Provenance: the Maurice Gobin collection, with the small MG wetstamp in blue (Lugt 1124a)***
As of 1907-8, Derain's painting renounced vibrant colour for structured form, and at the same time his printmaking relinquished the thick fauvist contour for rich facetted tonal fields of hatching and cross-hatching, building figure and ground as if he were sculpting directly into the plate. The parallel with Picasso's Demoiselles d'Avignon is clear, as the two had already worked together, and were indeed rivals.
This exceptional working proof reveals an exploratory approach, the planar features but roughed out, as if Derain were feeling his way through uncharted territory. It should be compared with the finished state to get a better idea of his progression.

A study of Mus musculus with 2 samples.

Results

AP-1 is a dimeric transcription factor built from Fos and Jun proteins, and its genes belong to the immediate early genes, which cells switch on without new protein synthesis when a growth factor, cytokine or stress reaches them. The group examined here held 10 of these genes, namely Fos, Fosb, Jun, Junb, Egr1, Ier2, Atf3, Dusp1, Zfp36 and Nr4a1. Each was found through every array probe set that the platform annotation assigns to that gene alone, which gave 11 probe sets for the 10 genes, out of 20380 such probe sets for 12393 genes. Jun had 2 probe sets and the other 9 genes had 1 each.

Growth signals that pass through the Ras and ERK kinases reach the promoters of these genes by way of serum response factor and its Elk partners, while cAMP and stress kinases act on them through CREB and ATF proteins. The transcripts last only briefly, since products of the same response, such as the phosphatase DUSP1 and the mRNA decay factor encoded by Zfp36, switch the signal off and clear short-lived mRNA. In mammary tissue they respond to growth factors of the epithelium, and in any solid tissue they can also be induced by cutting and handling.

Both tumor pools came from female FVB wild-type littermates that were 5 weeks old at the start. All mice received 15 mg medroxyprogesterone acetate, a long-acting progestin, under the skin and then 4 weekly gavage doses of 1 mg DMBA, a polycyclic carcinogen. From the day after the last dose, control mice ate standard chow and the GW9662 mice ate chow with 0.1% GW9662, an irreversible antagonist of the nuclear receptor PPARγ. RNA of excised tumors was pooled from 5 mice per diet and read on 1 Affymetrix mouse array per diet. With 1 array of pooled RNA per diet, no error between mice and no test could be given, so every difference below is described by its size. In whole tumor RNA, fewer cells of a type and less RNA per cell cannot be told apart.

This print was only editioned in 1913, which further stresses the importance of the present impression.
* The dating of this print is from Eva Gilbert (see her unpublished doctoral dissertation, 1985) on the basis of stylistic criteria in Derain's painting, and accepted by E. Pernoud.
**These states are not developed in any of the known catalogues; there are no impressions of this print in the Bibliothèque Nationale and Gilbert inventories 7 impressions in public collections, all of the definitive state. Furthermore this 1st state impression is annotated by Maurice Gobin as an "Epreuve probablement unique."
***Maurice Gobin was a prominent print dealer and connoisseur with a shop on the rue Lafitte, active until the early 1950s. In this context it should be noted that the impressions bearing his wetstamp come from his own private collection rather than his commercial inventory.